Chelsea Manning’s sentence commuted by Pres. Obama, will be released May 7, 2017


WASHINGTON (AP) — President Barack Obama commutes sentence of Chelsea Manning, who leaked Army documents and is serving 35 years.

Manning was born Bradley Manning is a former Army soldier convicted by court-martial in 2013 of violating the espionage act by disclosing nearly 270,000 classified or unclassified documents to WikiLeaks.

In August 2013, Manning was sentenced to 35 years in prison without the possibility of parole.


Manning will be released from prison on May 17, 2017, meaning she will have served more than six years of her 35 year sentence by the time she is released.

She was known as Bradley Manning at the time of her 2010 arrest and attempted suicide twice last year.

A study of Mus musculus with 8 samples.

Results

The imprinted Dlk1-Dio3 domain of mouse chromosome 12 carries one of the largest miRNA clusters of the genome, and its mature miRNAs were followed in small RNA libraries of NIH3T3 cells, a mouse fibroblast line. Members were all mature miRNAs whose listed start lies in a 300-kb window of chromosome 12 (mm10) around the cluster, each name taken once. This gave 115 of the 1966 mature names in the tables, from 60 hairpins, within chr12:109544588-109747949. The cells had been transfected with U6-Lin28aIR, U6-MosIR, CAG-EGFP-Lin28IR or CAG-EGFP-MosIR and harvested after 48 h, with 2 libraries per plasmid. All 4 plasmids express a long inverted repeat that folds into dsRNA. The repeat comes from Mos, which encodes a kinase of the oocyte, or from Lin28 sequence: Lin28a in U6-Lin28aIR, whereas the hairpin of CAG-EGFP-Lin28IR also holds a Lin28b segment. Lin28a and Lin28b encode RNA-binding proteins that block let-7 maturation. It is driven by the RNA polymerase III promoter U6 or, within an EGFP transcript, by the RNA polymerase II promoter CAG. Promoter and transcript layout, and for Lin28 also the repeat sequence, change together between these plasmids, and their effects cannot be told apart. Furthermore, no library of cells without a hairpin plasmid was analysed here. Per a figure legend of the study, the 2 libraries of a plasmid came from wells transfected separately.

Manning was one of 273 individuals who were paroled by President Obama on Tuesday, one of his last acts as President. In total, he has commuted the sentence of 1,385 individuals, the most of any President.

Obama is also pardoning 64 people, including retired Gen. James Cartwright, who was charged with making false statements during a probe into disclosure of classified information.

Most of the other people receiving commutations were serving sentences for nonviolent drug offenses.

In a statement posted on the White House’s website, the Administration states that “we must remember that clemency is an extraordinary remedy, granted only after the President has concluded that a particular individual has demonstrated a readiness to make use of his or her second chance.”

The statement also says that only Congress can achieve broader reforms to ensure that the criminal justice system “operates more fairly and effectively”.

In a statement the day after sentencing, Manning announced she had felt female since childhood and wanted to be known as Chelsea. Manning also asked to begin hormone replacement therapy while in prison.